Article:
April 25, 2012 |
WASHINGTON -- President Obama will publicly kick off his bid for a second term next week, his campaign announced Wednesday evening. The president, along with First Lady Michelle Obama, will travel to Columbus, Ohio, and Richmond, Va., on May 5, events that represent a long-awaited shift from official to purely political travel. At the events, campaign officials say the president "will speak about how far we've come, and lay out the very real stakes in this election: whether we choose to keep moving our country forward, or go back to the failed policies that crashed our economy and left the middle class struggling to catch up. " In an election in which as many as a dozen states will be considered potential battlegrounds, both Ohio and Virginia are expected to be among the most fiercely contested.
April 14, 2012
SATURDAY The Situation Room With Wolf Blitzer GOP race: Former House Speaker Newt Gingrich (R-Ga.); world affairs: Former British prime minister Tony Blair. 3 p.m. CNN The Chris Matthews Show How former presidents help the current president; possibility of a Hillary Clinton presidential bid in 2016. (N) 5 p.m. KNBC McLaughlin Group (N) 6:30 p.m. KCET SUNDAY Today Beluga whales; Today's life illustrated. (N) 6 a.m. KNBC Good Morning America (N) 6 a.m. KABC State of the Union With Candy Crowley GOP unity, 2012 politics: Republican National Committee chairman Reince Priebus; the Trayvon Martin case, civility, the 2012 campaign: Bill Cosby.
June 7, 2012 |
Mitt Romney's presidential campaign reached a significant milestone Thursday, surpassing President Obama's fundraising efforts in a single month for the first time with a whopping $76.8 million raised in May. Obama's campaign announced earlier in the morning that it and the Democratic National Committee had raised more than $60 million. In the first full month of joint fundraising between Romney's campaign, RNC and various committees associated with the two, 93% of donations were of $250 of less, totaling 297,442 individuals.
August 8, 2011 |
Republicans immediately pounced on President Obama's speech Monday as insufficient after the nation's credit rating was downgraded for the first time in history last week. In his remarks, the president declared that America remains a "triple-A country" and that the downgrade by Standard & Poor's would hopefully “give us a renewed sense of urgency" to tackle the nation's fiscal troubles. But with the Dow Jones industrial average plunging more than 500 points after Obama's address, the head of the Republican National Committee said the markets had already spoken.
June 8, 2011 |
The White House declined Wednesday to weigh in on the scandal involving Democratic congressman Anthony Weiner, amid new pressure for him to step down. Tim Kaine, the former chair of the Democratic National Committee who is now running for a U.S. Senate seat in Virginia, told a local television station earlier that "lying publicly" about his behavior was "unforgivable and he should resign. " He was the first prominent Democrat to expressly call for him to do so. Asked for President Obama's position, press secretary Jay Carney said at his daily briefing that he had "no comment on that story.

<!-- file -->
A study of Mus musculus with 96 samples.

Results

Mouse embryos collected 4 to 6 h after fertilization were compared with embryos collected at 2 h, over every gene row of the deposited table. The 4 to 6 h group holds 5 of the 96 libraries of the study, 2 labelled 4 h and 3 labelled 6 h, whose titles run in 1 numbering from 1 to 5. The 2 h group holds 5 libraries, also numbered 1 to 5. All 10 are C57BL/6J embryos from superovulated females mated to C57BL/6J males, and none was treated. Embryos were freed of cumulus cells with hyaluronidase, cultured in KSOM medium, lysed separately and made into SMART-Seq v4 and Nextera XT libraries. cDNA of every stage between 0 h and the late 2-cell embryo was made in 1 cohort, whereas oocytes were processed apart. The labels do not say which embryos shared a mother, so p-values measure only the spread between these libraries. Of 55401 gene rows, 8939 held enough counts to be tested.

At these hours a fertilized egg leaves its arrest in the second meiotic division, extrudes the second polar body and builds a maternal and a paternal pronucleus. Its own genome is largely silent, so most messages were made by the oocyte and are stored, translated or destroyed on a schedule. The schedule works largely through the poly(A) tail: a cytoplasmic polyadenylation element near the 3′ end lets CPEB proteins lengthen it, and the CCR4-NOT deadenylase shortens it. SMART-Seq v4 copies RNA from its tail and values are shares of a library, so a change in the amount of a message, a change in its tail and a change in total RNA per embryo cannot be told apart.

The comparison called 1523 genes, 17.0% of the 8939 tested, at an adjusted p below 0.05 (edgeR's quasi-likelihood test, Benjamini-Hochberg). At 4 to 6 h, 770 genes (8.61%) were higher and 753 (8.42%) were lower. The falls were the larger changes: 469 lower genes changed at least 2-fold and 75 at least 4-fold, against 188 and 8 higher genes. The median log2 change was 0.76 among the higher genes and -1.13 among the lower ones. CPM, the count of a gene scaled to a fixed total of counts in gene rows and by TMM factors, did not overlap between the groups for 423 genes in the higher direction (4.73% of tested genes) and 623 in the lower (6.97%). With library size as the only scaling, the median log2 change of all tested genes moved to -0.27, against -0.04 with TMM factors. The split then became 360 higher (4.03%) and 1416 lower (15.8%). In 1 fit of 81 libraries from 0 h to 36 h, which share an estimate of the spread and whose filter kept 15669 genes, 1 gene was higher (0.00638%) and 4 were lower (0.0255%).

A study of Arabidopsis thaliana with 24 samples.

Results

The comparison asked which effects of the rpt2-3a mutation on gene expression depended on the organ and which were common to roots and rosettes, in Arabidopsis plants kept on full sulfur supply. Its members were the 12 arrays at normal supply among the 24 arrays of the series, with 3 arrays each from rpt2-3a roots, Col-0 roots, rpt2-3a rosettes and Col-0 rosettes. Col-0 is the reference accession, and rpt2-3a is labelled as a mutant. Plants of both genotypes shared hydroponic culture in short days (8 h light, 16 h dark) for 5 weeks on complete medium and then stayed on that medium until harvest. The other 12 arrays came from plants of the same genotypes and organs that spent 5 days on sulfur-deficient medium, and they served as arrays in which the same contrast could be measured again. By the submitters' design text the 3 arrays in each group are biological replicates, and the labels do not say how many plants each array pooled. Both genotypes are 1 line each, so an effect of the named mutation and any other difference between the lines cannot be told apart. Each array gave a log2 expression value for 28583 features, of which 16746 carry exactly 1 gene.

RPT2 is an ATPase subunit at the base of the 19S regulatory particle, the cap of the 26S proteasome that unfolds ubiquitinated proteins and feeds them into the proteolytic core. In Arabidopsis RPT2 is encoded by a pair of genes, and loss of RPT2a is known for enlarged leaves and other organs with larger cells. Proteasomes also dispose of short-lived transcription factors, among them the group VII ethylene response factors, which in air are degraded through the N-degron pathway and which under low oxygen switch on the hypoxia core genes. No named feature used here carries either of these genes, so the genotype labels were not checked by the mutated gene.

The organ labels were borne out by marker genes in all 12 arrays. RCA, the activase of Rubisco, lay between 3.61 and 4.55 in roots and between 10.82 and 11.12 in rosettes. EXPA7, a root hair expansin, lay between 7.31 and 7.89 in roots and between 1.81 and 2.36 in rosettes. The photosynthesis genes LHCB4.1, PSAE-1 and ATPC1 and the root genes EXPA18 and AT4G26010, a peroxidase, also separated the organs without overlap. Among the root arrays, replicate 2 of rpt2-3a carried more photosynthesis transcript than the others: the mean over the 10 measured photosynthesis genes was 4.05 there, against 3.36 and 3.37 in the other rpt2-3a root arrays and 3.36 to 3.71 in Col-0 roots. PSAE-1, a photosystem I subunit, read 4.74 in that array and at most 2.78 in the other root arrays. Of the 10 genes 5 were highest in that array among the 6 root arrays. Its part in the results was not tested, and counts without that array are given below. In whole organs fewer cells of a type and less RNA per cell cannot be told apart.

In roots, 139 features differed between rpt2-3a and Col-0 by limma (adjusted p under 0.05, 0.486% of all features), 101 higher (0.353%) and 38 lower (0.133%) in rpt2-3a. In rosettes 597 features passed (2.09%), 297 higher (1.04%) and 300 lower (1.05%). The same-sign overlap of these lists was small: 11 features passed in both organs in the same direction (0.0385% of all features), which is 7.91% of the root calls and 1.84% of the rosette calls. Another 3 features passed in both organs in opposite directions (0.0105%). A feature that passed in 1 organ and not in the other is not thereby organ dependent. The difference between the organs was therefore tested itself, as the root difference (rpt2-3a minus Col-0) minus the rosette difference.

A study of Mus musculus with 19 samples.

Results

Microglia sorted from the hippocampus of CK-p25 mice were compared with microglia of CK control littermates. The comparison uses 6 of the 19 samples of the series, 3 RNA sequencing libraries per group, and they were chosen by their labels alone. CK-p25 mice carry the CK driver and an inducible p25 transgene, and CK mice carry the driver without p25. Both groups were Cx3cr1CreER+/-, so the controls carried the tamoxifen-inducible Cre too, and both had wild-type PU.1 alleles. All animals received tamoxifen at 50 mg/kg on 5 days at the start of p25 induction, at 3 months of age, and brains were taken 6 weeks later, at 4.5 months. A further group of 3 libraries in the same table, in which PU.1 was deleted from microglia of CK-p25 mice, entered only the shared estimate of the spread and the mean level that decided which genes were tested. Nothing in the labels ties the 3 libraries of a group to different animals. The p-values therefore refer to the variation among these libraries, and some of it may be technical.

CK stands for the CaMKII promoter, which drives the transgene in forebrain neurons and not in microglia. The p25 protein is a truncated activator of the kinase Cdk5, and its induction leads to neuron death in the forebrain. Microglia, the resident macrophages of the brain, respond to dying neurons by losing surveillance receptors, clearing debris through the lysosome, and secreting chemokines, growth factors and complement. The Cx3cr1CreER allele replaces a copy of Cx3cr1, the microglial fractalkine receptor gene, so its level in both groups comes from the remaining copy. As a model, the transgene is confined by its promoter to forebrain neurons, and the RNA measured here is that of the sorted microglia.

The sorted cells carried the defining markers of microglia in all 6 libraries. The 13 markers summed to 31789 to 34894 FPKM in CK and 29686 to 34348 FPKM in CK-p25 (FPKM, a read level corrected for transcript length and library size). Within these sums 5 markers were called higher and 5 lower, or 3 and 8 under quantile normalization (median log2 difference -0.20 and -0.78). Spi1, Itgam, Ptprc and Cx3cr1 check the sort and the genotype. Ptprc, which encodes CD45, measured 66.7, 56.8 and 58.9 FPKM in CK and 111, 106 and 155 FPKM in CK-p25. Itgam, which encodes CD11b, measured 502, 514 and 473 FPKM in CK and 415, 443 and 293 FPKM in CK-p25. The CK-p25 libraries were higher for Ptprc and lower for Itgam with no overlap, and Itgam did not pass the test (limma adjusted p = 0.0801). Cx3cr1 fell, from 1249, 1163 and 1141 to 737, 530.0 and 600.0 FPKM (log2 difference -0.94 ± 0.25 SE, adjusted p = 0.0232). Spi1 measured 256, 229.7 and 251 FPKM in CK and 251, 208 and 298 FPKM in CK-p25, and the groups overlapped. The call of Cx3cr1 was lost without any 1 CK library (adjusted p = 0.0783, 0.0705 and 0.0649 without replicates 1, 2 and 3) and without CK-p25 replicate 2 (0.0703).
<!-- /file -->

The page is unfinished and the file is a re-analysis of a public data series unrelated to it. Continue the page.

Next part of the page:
March 30, 2012 |
When the GOP primaries finally do come to a close, the RNC will have a nice wrap-up gift on hand for the eventual nominee: an extra $21 million to spend. The RNC announced yesterday that it has fully funded its Presidential Trust, a fund that can be spent in direct coordination with the eventual Republican nominee's campaign. Those coordinated expenditures are capped by the Federal Election Commission at $21 million for the 2012 cycle “With a fully-funded trust, we stand ready on day one once we have a presumptive nominee.
August 28, 2012 |
Bucking tradition, President Obama set out on a two-day campaign swing on Tuesday, aiming to steal just a bit of the spotlight from Republicans rallying in Tampa, Fla. Obama was scheduled for a college tour, with events at Iowa State University and Colorado State University. He's slated to hold a rally in Charlottesville, Va., on Wednesday. As a courtesy, past presidential candidates have curtailed campaign activities during the other party's conventions. But Obama's campus swing -- aimed at firing up a key demographics -- coincides with the first full day of the Republican speech-making.
August 31, 2011 |
The White House says it's "coincidental" that President Obama's planned address to Congress next Wednesday conflicts with a debate for GOP presidential candidates. Others aren't so sure. Just moments after the administration announced the president was requesting a rare joint-session address to roll out his long-awaited jobs plan, press secretary Jay Carney was peppered with questions about what some viewed as a curious bit of counter-programming. Would the White House really schedule such a major address intentionally to overshadow the Republicans seeking Obama's job?